Page added in August 2009.

- Birecik
(relief at Karatepe)

The upper reaches of the Euphrates River flow through steep canyons and gorges until the river leaves the Anatolian tableland and enters the large plain known as Mesopotamia. The area where this passage occurs has always been important for the ancient empires which competed for control of the region. The Romans located the headquarters of a legion at Zeugma, on the right bank of the river. Birecik, on the left bank, a few miles downstream of Zeugma, was a fortified site which protected the crossing of the river.

The Euphrates River: (above) view northwards; (below) view southwards

Birecik marked also the point from which the Euphrates started to be navigable by shallow boats (today navigation is commercially viable only inside Iraq). The view from the modern bridge on the road between Gaziantep and Sanliurfa helps in understanding the change of the landscape: the view northwards shows the steep cliffs of Kara Dag (the Black Mountains) and other ridges, whereas the view southwards is not obstructed by mountains.

(left) Partly reconstructed tower at the south-eastern corner of the walls (it was on the river bank and now only its upper part is visible); (right) an arched passage in the old town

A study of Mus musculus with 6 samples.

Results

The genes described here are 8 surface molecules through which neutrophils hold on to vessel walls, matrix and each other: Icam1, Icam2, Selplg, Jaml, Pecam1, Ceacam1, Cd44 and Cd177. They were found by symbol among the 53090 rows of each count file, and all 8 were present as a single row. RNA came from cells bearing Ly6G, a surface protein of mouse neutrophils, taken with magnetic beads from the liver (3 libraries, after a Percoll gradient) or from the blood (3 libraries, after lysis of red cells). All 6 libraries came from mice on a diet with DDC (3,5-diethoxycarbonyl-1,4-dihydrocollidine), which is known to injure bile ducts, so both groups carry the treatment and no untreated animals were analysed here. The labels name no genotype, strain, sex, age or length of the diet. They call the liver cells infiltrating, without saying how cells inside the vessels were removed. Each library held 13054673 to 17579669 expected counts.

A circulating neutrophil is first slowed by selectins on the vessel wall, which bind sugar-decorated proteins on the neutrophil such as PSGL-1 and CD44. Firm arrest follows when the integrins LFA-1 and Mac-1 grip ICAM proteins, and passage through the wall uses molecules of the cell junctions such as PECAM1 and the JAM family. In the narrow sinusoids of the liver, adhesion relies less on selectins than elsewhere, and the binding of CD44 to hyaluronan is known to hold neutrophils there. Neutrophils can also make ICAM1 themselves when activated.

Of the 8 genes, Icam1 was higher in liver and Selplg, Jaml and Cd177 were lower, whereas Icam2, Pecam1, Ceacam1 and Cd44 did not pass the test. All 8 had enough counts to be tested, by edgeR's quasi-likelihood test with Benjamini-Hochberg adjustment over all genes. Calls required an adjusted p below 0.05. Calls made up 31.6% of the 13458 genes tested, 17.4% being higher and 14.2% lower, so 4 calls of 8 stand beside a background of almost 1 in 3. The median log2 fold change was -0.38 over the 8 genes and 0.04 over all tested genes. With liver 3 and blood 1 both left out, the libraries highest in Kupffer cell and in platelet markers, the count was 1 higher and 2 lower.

Birecik (classical name: Apamea, Arab name: Bir) was in turn Roman, Persian (Sassanid), Byzantine, Arab, Armenian and a fiefdom of the Crusaders; later on it belonged to the Princes of Aleppo, the Mongols and the Mamelukes; eventually it was annexed by the Ottoman Empire in the XVIth century; Birecik had minor fortifications to protect a small part of the town near the river.

The fortress

A large fortress stood on the very edge of a limestone cliff caused by the erosive action of the river. The fortress was built by the Muslim rulers of Aleppo who, between 1128 and 1260, managed to create an independent state in today's northern Syria (Birecik is located a few miles north of the border).

Details of the fortress

In 1838 Helmuth Karl Bernhard Graf (Count) von Moltke (*) travelled extensively in this region as adviser to the Sultan on how to modernize the Ottoman army. He visited the fortress of Birecik which still had three or four levels of outer defences, with crenellated walls. A tunnel led to a groundwater source and thus provided the defendants with a water supply. Images of the fortress in the early XXth century can be seen in this external link (opens in another window).

(left) Bird sanctuary; (right) protected species

Today Birecik is best known for housing a bird sanctuary for rare species, in particular a black bald ibis (Geronticus Eremita). It is a migratory bird which comes to Birecik in summer for breeding. True to its name it preferred to conduct a hermit's life on the day the material for this page was gathered.

Museum of Oriental Antiquities of Istanbul: VIIIth century BC relief found at Hadatu/Arslan Tash, an Assyrian town not far from Birecik in northern Syria

(*) Count von Moltke was the chief of staff of the Prussian Army during the 1870-71 Franco-Prussian War.